Have you ever noticed how the lackeys who attach themselves to bullies are often the first targets of their bullies’ rage? Lackeys try to make people like them by continually giving, but this leaves them entirely at the mercy of their masters, who will never respect them. Rather than building mutual trust and respect, constant giving implies weakness and lack of self-respect

Instead — although it might seem paradoxical at first — people often prefer those for whom they do favors. Relentlessly matching the needs of your target can lose their respect, whereas asking them for appropriate advice and favors will make them like you more. That is known as the Ben Franklin effect (although Franklin wasn’t the first to notice it).

In business, you have to have people on your side if you want to get anything done. To manage people you have to have their respect. To sell products, you must have your customers’ trust. To move up in your company, you must have the ear of people above you. You can be a lackey, but lackeys are disposable and without a will of their own. Instead, grow mutual trust and respect by asking for what is appropriate of others.

The Ben Franklin Effect

In his autobiography, Benjamin Franklin wrote that “He that has once done you a kindness will be more ready to do you another than he whom you yourself have obliged.” (ushistory.org/franklin/autobiography/page48.htm). Many people understand and use this idea instinctively, but for others who find the idea paradoxical, there is proof that it works in multiple studies.

For example, in one early 1969 study on the effect, (See Study Here) the experimenter asked some study participants to return the money they received for participating in the study. The participants asked to return the cash appeared to like the experimenter more than did the participants who were allowed to keep the money. The researchers concluded that people grow to like other people that they do favors for because their mind assumes that if they’re doing someone a favor, then they must like that person.

This effect shows in some classic sales techniques, where the salesperson asks the potential customer for small favors to build rapport. For example, during the initial small talk, the salesperson might ask the customer for advice or information about their industry or interests, or the salesperson might ask the customer to hold their files for a moment. But the favor must be appropriate to the relationship. (It’s okay to ask a long-term friend for help moving, but not a customer.)

How to grow mutual trust, respect, and honor

Thomas Hobbes, the celebrated early English philosopher, noted in different terms the Ben Franklin effect a century before its namesake. In Leviathan, Hobbes’ massive tract on power and government , he explained the phenomenon in terms of honor and respect rather than as a mind trick of some kind. He wrote that “To hearken a man’s counsel, or discourse of what kind soever, is to honour; as a sign we think him wise, or eloquent, or witty.” And that “To believe, to trust, to rely on another, is to honour him,” and a “sign of opinion of his virtue and power.” (See Book Here)

Thomas Hobbes Leviathan

Hobbes would explain that when a salesperson asks a customer to hold, however briefly, his files, it is a small sign that the salesperson trusts and respects their customer. Unlike continually giving concessions and discounts to build a relationship and make sales, this action builds mutual respect and trust without reducing the salesperson’s position, and it makes the entire interaction more collaborative and less competitive.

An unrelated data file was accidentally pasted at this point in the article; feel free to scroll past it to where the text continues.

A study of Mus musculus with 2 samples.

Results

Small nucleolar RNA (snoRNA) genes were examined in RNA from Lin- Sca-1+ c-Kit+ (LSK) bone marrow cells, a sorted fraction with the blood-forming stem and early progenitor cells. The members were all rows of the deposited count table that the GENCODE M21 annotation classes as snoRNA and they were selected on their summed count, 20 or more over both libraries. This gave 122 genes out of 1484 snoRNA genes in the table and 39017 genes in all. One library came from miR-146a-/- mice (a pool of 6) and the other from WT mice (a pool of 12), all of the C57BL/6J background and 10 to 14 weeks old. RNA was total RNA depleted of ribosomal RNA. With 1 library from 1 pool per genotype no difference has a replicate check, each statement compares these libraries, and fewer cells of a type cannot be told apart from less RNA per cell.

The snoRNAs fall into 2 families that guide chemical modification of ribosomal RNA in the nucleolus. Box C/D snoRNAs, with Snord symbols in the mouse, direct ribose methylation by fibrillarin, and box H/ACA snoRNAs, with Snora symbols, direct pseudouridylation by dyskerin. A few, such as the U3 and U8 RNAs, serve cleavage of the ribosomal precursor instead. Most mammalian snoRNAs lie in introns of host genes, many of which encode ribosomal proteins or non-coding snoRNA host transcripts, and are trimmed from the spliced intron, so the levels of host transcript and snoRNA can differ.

In the same way, when managers consult with their team, it shows that they trust and respect their team’s intelligence and abilities. Compare this to managers that make constant demands without consultation. Their team might comply, but without being shown respect, they will do so begrudgingly, and only enough not to get fired. Worse, this management style gradually reveals the manager’s weakness when things go wrong, and they can’t do anything without their team’s cooperation.

Constant giving implies weakness

There’s a particular type of man who thinks that the way to a woman’s heart is constant gifts and favors, and this might be true for some, but judging by the complaints of millions of supposed “nice guys,” this strategy has a reduced rate of return. By always giving, and receiving nothing in return, these men look weak to their potential paramours. There is no mutual respect, and no way to build it.

It’s not that giving doesn’t have its place. As Hobbes also wrote, giving honors the other person, but it is also an admission of the other person’s power. Overdo it, and you’re implying that the other person deserves more than you can give. Women don’t pick “bad boys” because they’re “bad,” but because they have the self-respect to ask for what they want.

In business, many people get lost in corporate hierarchies because they don’t understand this aspect of power. Lackeys rarely rise the chain of command. Instead, (in a well-functioning company) the people who move up are the ones who do a good job and have the self-respect of their position.

And even when lackeys do manage to call in their many favors to move up, it leads to precarious positions. They got their position by revealing weakness rather than relying on the strength of their work and personality, leaving them at the mercy of whoever promoted them.

There’s more to making people like you than giving them everything they want and more. If you keep giving, they’ll keep taking, but they’ll never respect you. Instead, by asking for advice and favors (as appropriate) and by having the self-respect to turn down inappropriate requests, you can build trust, respect, and friendship with the people around you. No one will ever respect you if you don’t trust in your value first.